Currently reading: BMW GINA concept: the full details
BMW has revealed its radical, fabric-skinned concept car called the GINA Light Visionary Model

BMW has finally revealed the radical concept car which has already influenced all of its current production cars and will continue to shape future models such as the soon-to-be-launched X1 mini-SUV.

The car, called the GINA Light Visionary Model, is a revolutionary fabric-skinned sports car concept —which can change its shape radically and quickly, according to desires or to conditions and speeds.

Amazingly the concept dates from as early as 2001 but BMW’s design chief Chris Bangle claims that it was the first fruit of years of work by BMW Design teams to cater for what they see as buyer demands in 10 years’ time.

The concept, though built on the now defunct Z8 roadster, was conceived to show that it may be possible one day for owners to be able to choose from a variety of outer shapes and functions offered around one broad mechanical envelope.

The GINA roadster designers also believe the car’s enhanced adaptability to a driver’s needs increase the emotional connection between driver and car. It could also, he believes, be a way of enticing more young people to car buying – a sector of the market that is increasingly choosing not to run a car.

The GINA roadster’s flexible, stretchable fabric skin is a man-made product that resists water, high or low temperatures and doesn’t swell or shrink. The essential shapes are formed beneath the skin by a metal wire structure, though at points where movement is needed (ducts, door openings, spoiler) flexible carbon struts are used.

Though the GINA’s skin appears seamless, it can, for instance, “grow” a higher rear spoiler for stability at high speed. The doors are each covered by a fabric piece reaching all the way from the nose of the car to their trailing edge. When closed, they leave a perfectly smooth stretched surface.When the car is parked, the car’s steering wheel and array of round instruments sit in an ‘idle’ position on the centre console to allow the driver easy entry. The steering wheel and instruments assume their correct positions when the driver presses a simple start button.

Bangle and his designers are not claiming their fabric bodied roadster will lead directly or even indirectly to production. But the design boss has admitted that it has already influenced the current generation of BMWs. His experiences of using cloth, he claims, have led to him and his team experimented heavily with the extending the boundaries of what shapes steel can be pressed into: hence the extravagent forms boasted by some of the current line-up.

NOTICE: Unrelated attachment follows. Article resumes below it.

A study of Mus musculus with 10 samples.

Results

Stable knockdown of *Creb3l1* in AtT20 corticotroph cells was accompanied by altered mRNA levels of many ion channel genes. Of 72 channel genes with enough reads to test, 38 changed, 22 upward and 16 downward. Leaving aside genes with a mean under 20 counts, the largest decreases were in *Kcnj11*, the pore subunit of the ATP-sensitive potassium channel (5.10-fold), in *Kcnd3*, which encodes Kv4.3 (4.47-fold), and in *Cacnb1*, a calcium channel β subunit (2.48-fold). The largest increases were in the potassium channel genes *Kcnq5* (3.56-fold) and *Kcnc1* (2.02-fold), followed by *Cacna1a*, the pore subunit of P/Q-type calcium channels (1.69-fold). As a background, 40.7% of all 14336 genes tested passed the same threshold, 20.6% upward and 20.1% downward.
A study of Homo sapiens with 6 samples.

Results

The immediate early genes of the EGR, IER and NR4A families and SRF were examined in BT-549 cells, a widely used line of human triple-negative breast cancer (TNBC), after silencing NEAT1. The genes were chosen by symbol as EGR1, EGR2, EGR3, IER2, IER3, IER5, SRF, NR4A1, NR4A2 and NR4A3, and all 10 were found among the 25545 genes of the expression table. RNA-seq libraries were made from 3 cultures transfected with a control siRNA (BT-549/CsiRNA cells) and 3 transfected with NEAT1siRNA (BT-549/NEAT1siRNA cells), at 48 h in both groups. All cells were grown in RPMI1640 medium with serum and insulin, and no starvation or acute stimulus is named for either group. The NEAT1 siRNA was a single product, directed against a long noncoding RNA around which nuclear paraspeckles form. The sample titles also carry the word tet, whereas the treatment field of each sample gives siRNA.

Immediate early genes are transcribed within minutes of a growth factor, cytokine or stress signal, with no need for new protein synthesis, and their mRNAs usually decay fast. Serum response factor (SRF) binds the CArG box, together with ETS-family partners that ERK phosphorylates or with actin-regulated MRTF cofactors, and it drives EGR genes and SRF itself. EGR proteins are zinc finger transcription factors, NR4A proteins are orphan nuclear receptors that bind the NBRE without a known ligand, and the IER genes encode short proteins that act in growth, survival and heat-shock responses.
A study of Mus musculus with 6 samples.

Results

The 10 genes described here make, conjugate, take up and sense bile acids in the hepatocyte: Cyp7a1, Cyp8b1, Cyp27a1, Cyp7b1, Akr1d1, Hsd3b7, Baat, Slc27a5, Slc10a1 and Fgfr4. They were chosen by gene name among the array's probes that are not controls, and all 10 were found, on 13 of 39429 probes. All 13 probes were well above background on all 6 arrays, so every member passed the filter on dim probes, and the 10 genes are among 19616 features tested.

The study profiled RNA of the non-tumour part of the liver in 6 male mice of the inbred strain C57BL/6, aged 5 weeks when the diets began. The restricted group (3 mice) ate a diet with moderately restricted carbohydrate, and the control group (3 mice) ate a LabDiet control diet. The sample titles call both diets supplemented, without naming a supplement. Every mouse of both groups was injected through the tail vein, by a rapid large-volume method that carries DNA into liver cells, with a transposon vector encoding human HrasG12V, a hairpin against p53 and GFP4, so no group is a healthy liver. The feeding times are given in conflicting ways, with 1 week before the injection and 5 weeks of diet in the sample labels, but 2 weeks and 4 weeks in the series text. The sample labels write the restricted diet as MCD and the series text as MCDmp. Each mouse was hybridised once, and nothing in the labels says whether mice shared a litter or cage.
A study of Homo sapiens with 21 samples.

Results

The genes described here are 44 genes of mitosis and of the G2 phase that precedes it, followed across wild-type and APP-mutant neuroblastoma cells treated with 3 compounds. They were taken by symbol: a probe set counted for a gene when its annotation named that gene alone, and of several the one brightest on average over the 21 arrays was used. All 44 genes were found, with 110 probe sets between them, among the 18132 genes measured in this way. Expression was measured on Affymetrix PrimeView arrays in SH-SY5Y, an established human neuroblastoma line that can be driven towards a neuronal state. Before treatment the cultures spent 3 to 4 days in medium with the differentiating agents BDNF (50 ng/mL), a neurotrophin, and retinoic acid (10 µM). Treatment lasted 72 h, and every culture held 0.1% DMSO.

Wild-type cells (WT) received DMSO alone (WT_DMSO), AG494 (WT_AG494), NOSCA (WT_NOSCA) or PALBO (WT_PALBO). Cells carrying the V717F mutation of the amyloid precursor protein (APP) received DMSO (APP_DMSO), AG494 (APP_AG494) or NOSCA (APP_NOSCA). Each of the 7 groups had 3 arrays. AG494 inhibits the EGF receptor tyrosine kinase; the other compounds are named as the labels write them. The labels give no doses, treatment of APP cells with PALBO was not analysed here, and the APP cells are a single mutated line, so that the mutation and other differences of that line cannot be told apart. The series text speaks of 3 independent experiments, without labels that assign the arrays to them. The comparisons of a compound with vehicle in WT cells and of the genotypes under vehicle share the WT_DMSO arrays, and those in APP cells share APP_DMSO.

Bangle also believes that the GINA car contains the seeds an elegant solution to future demands for affordable premium vehicles that have a high bespoke content, and whose manufacturing process is considerably greener than today’s.

Steve Cropley


Re: BMW GINA concept: the full details

Jonty - could you make your post any harder to read? What's with the slashes? Also, it's 'flawed' not 'floored'.

As for crash-worthiness - same as any other car where the bodywork is non-structural. Ever heard of a spaceframe?

Jonty R 12 June 2008

Re: BMW GINA concept: the full details

Terrific - fabric instead of steel - you're joking - who cares, it looks terrible! / On the other hand, lets not be too hasty; this is right up there with once a fortnight refuse collection and doubling of council tax bills - half the product for twice the price - you're right - Bangle's a genius! / I don't think so, like a bad artist or architect Bangle needs to explain his work. / As for tailoring and bespoke? Isn't the idea of good design to raise the bar - empowering the user is just a cop-out - right up with the rest of Bangle's floored thinking. / Can someone also explain to me how this design is going to meet crash-worthiness and pedestrian protection requirements? I'll spend £40,000 on my next car in February but it wont be a BMW - BECAUSE THEIR CARS ARE UGLY!

NiallOswald 11 June 2008

Re: BMW GINA concept: the full details

The pre-Bangle BMW range was an exercise in conservative styling. Good cars I'm sure, but you could hardly accuse the E46 3-series or E39 5-series of being exciting to look at - not bad looking by any means, but hardly inspiring. Perhaps they took a step too far with the 'radical' Bangle-designed cars and the next generation will lie somewhere between the two extremes?

Mercedes and Audi seem to have responded lately - think how dull and staid their cars looked a few years ago. I'm not sure about Audi's current 'big grille and white LEDs' obsession, but the new C-class looks great in my view.